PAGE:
OnePlus inadvertently left a backdoor on its phones (updated)

Jon Fingas
Users have discovered that many of the company's phones from the past few years (including the OnePlus 5) include a Qualcomm testing app, EngineerMode, that lets you get root-level access to the phone without having to unlock its bootloader.

OnePlus' security troubles aren't over yet. Users have discovered that many of the company's phones from the past few years (including the OnePlus 5) include a Qualcomm testing app, EngineerMode, that lets you get root-level access to the phone without having to unlock its bootloader. An attacker would likely need physical access to your phone to do any damage, but that still means they could insert trackers or otherwise compromise your phone with very little effort.

At first glance, it looks like this is an accident rather than any kind of malicious behavior. The app is normally hidden until you tell Android to show system apps, so you might not notice it unless you went looking for it.

Company chief Carl Pei says his team is "looking into" the software's presence. If it's as widespread as it appears to be, there's a good chance you'll see a software update removing EngineerMode. However, the discovery isn't exactly confidence-inspiring. Between this and previously aggressive data collection, it looks like OnePlus hasn't been paying particularly close attention to security or privacy on its devices. It'll need to run a tighter ship if it wants to persuade users that its software is trustworthy.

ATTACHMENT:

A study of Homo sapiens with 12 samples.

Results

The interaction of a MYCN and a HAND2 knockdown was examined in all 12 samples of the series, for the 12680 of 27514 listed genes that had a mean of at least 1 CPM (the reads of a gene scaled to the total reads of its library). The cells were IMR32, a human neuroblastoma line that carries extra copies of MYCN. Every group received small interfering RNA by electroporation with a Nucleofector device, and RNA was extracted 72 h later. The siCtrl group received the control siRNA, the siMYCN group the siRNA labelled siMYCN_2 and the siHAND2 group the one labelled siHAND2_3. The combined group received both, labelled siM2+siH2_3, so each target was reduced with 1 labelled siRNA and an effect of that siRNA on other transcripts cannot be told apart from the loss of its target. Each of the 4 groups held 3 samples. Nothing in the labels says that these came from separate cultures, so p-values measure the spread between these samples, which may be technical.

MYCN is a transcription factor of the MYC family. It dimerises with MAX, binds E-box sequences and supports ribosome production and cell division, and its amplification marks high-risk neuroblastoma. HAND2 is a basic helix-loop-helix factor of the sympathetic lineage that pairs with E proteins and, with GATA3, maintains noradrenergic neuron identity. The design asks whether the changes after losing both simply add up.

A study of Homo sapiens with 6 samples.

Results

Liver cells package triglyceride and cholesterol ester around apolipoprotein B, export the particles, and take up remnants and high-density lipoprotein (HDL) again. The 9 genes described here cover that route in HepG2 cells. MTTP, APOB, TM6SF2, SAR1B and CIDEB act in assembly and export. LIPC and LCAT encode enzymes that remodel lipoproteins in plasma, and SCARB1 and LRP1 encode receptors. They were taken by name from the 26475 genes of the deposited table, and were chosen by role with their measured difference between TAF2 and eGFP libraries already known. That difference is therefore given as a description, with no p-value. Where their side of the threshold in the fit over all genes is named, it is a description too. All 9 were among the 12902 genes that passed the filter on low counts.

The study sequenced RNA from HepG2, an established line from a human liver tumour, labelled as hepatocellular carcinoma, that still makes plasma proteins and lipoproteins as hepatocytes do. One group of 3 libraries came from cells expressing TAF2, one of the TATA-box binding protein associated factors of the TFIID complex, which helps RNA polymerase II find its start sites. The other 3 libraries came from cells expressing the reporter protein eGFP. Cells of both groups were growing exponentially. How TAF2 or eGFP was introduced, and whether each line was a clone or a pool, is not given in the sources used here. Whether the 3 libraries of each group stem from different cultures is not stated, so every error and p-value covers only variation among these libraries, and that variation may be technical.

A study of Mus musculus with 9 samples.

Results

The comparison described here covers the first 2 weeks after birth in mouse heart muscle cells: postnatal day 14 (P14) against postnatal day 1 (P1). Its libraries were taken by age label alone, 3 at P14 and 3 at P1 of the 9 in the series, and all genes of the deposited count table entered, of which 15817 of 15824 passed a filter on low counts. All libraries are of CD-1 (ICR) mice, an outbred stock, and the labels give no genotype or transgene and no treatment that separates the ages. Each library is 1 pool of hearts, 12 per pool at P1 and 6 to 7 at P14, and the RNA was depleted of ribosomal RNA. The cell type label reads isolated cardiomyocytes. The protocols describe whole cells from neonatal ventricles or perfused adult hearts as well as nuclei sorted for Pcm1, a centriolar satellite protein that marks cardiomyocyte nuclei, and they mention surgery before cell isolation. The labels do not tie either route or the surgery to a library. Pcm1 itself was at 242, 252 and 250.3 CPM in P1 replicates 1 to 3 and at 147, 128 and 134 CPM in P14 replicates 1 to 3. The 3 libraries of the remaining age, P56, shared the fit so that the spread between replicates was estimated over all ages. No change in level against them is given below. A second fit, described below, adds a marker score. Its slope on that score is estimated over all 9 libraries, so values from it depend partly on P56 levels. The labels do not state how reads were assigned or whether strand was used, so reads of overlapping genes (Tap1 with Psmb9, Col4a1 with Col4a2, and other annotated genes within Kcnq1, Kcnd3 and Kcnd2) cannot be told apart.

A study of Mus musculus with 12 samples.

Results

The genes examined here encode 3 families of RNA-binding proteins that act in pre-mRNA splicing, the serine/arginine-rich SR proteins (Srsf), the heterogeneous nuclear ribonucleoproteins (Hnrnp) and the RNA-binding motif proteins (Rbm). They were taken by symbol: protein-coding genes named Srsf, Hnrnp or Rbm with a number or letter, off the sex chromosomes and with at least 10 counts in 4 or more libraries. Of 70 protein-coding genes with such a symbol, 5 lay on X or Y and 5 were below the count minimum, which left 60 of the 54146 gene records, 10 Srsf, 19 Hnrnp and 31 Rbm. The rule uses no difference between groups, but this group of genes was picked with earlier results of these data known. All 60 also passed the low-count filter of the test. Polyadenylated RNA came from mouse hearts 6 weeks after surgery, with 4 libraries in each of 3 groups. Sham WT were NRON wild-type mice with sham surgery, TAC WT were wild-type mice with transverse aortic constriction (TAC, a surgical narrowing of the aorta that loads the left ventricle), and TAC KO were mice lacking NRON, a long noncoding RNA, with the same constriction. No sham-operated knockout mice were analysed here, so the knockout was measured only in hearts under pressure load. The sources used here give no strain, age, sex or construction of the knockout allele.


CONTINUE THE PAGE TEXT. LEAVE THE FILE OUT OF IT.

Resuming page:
Update: OnePlus has issued a statement that recaps the nature of EngineerMode and its threat (again, you need physical access to cause havoc). It's promising to remove the root function from EngineerMode through a future over-the-air update.

OnePlus Forums, Carl Pei (Twitter), Elliot Anderson (Twitter)

  • This article originally appeared on Engadget.